Two United States (US) Senators have proposed a bill that would prohibit the Federal Aviation Administration (FAA) from using drones built by potentially hostile countries.
Senators Marsha Blackburn (a Republican from Tennessee) and Mark Warner (a Democrat from Virginia) introduced the Stemming The Operation of Pernicious and Illicit (STOP Illicit) Drones Act on June 8, 2023. Both Senators are members of the US Senate Select Committee on Intelligence, with Warner being the committee Chairman.
If passed, the bill would prohibit the FAA from giving federal funds to certain drone companies, with the agency being unable to direct funds through several programs to manufacturers based in China, Russia, Iran, North Korea, Venezuela and Cuba. Furthermore, the STOP Illicit Act would ban the FAA from procuring or operating drones built in those same countries.
However, the bill does exempt cases when using drones for “detection or counter-UAS testing and warfare analysis and operations”.
The FAA would have to replace any foreign-made drones with US or ally-built drones within a year, while also submitting a report to Congress on how many drones could violate the act. Furthermore, the FAA would have to report the changes it made to its procurement and contracting process in order to avoid violating the act.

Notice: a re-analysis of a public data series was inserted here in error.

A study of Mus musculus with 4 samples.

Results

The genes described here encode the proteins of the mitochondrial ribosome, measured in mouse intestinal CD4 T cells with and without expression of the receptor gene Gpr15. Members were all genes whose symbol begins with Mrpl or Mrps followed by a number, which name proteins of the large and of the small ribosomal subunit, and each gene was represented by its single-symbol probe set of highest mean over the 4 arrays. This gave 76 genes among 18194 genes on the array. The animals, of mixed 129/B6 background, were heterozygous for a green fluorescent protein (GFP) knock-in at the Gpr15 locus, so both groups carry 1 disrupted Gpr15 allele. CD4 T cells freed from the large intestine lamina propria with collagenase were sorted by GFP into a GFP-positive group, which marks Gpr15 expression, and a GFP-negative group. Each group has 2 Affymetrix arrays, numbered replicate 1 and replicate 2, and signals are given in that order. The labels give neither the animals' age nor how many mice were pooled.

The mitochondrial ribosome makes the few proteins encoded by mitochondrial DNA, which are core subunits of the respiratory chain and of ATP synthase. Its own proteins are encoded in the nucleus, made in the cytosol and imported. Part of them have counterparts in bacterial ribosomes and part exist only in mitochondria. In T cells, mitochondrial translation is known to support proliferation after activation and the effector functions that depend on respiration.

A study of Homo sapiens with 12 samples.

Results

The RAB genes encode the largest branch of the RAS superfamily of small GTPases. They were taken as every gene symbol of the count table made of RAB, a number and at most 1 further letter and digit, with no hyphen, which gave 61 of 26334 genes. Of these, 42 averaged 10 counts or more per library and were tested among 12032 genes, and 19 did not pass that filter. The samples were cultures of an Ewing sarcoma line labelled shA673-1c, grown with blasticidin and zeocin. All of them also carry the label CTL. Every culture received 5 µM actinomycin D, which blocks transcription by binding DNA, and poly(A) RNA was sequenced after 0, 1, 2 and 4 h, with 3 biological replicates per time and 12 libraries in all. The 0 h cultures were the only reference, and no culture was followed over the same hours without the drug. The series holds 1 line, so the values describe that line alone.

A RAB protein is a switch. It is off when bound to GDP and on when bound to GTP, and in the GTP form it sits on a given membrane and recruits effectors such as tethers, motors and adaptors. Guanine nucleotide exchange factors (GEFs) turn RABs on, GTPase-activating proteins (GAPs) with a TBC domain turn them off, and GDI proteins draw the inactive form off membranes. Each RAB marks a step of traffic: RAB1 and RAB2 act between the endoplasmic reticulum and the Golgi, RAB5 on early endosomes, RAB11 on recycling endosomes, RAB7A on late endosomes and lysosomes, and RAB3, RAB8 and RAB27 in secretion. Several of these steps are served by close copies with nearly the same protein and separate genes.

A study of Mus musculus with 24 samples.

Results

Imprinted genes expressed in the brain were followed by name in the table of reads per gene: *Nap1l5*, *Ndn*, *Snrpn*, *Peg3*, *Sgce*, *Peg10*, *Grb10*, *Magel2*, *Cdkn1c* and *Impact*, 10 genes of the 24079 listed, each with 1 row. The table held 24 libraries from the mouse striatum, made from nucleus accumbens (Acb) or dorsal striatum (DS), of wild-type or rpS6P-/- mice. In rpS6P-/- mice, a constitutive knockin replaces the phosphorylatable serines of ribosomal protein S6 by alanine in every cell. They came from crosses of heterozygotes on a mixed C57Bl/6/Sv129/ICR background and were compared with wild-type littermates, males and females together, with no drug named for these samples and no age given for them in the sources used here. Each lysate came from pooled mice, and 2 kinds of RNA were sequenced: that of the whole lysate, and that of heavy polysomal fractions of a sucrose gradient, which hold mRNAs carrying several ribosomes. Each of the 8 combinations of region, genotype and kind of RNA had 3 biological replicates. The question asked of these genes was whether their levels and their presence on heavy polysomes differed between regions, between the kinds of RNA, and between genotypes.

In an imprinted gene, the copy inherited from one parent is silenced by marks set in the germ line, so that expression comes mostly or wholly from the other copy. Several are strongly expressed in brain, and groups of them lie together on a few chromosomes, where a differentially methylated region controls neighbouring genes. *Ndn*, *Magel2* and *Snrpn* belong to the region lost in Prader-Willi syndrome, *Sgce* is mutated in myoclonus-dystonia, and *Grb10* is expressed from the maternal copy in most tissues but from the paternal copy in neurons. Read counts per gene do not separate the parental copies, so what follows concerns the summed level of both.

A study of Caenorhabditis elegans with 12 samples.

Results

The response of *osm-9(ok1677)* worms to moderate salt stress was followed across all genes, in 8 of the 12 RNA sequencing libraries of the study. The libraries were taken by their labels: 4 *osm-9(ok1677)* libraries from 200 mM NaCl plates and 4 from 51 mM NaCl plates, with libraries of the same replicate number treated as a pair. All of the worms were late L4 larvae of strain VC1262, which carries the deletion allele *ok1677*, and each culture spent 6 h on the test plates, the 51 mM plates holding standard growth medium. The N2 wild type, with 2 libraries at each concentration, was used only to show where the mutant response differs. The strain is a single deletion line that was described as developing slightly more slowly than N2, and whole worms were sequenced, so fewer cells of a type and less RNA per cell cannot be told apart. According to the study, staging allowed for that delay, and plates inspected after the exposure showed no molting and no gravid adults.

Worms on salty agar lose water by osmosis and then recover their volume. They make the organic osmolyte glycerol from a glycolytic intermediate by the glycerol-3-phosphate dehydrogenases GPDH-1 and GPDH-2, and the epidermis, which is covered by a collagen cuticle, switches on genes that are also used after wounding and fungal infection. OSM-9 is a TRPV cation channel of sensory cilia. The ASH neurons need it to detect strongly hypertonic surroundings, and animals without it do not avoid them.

“Drones have the potential to transform key industries and aspects of our society – from agriculture, to emergency services, to deliveries, and so much more,” said Warner, adding that with the growth of the number of drones used in various sectors, “we need to make sure that we are not advancing the goals of our adversaries, who wish to saturate the market with drones that pose a threat to our national security.”
Blackburn added that with “the New Axis of Evil” looking for every chance to take advantage of the US, “we cannot leave our critical technologies sector open to vulnerabilities”.
“The STOP Illicit Drones Act helps curb the importation of drones produced by our adversaries, keeping our nation safer and encouraging manufacturing here at home,” she concluded.